Reader Tom wants to know more about pâte fermentée, which is to say “old dough”. Specifically, he’s interested in how pâte fermentée might be used in a home baking situation. Tom, I’d be happy to try to shed a little light on that.
As you can no doubt infer from the name, pâte fermentée is a French technique which simply consists of holding over a piece of dough from yesterday’s mix and using it today. You see it a lot in baguette recipes. The logical question here is: what good does that do? Mostly, old dough adds flavor. Whether left at room temperature or in the fridge, old dough develops flavor via the action of yeast and lactic acid bacteria, and that can add a surprising amount of character to the next day’s dough.
But old dough also brings leavening power to the party, which increases as you raise the proportion of old dough in your formula. It’s not often I see a formula that relies solely on old dough for leavening. More typically you see recipes that call for between 20% and 35% old dough, then those doughs are “spiked” with some commercial yeast which raises the bread the rest of the way.
One thing you’ll notice about old dough is that it’s a lot firmer than a conventional starter. It’s not soupy or spongy, it has the consistency of, well, dough. Does that serve any specific purpose? Well no, not really, though serious bread heads will tell you that different moisture levels favor the development of different strains of lactic acid bacteria, so a drier preferment (all starters, sponges and old doughs are known as “preferments” or “sponges”) will have a slightly different flavor than a liquid starter. I’m sure that’s technically true, though I probably couldn’t detect it. The reason old dough has the consistency it has is because it’s convenient. Hacking off a piece of bread from today’s batch and throwing it in the fridge for tomorrow means the baker doesn’t have to spend time making a separate preferment for tomorrow. I’d have loved that back when I was mixing doughs. Let me tell you, after a long evening of mixing, mixing, mixing dough for the baking crew, having to go back and refresh the starters you just used is a serious bummer.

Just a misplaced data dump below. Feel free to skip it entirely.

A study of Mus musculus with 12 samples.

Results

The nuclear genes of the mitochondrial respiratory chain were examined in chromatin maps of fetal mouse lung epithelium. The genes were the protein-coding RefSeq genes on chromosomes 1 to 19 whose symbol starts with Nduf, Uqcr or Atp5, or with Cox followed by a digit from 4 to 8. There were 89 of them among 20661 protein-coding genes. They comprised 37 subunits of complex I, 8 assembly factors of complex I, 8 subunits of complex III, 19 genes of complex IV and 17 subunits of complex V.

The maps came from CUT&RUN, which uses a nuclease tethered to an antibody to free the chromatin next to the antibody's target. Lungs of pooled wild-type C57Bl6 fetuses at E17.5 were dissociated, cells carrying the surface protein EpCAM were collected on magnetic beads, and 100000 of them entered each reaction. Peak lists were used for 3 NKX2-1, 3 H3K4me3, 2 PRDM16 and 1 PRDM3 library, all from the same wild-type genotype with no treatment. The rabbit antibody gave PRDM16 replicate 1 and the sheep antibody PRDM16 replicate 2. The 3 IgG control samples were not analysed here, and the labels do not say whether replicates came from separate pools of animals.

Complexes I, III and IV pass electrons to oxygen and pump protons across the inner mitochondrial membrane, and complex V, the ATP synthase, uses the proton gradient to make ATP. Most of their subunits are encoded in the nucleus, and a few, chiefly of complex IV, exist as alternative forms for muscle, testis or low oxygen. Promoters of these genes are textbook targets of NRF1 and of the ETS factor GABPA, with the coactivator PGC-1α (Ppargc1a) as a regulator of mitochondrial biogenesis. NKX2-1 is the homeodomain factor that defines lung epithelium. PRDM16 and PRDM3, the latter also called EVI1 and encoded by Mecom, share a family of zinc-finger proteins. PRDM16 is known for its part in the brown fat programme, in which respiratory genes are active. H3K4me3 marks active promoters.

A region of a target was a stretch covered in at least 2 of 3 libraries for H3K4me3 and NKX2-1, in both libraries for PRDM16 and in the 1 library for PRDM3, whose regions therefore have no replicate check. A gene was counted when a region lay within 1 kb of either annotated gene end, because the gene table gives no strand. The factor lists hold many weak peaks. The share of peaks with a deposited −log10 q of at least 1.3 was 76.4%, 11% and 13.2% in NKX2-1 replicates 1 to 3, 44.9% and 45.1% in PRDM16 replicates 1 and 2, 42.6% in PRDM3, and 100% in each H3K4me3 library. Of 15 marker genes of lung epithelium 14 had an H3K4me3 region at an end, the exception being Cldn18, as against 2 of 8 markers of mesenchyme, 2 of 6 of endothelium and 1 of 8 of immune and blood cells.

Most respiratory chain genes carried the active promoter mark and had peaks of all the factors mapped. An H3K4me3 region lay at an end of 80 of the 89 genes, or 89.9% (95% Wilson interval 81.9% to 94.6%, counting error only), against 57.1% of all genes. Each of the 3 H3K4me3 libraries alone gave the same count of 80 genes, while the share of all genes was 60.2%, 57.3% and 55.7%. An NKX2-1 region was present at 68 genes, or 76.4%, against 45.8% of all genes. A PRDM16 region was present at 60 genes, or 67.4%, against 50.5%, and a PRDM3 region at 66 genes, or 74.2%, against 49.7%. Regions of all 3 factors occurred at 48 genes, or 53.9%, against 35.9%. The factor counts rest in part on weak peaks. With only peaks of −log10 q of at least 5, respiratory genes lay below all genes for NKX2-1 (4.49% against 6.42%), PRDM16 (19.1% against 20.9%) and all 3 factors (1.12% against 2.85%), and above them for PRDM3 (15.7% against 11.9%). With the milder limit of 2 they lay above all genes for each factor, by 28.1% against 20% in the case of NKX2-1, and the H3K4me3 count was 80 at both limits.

Using pâte fermentée is easy, though not quite as simple as using a starter. Not being a liquid it doesn’t incorporate as easily, so be sure to chop or rip it into several pieces be fore you add it into your mix. Also, make sure to bring the old dough to room temperature first if it’s been in the fridge, that takes about 30-minutes or more depending on how much you’re using.
You can convert a “straight dough” bread formula to an old dough formula by simply replacing the up to a third of the dough (by weight) weight with old dough, and reducing everything else accordingly (though I’d suggest taking the yeast down by a little more than 1/3 in the recipe, since I find that old dough that’s been refrigerated generally has a decent rise in it). But it all depends on what you’re trying to accomplish. You’ll want to experiment probably…but that’s the fun of bread, no?
Interestingly, there’s a related German tradition called “old bread” (altus brat), which involves adding moistened bread crumbs to a dough in stead of held-over dough. Obviously since the crumbs are from baked bread and not unbaked dough, altus brat doesn’t contribute anything in the way of leavening, but it makes great pumpernickel!
Thanks for the question, Tom. I hope this helped!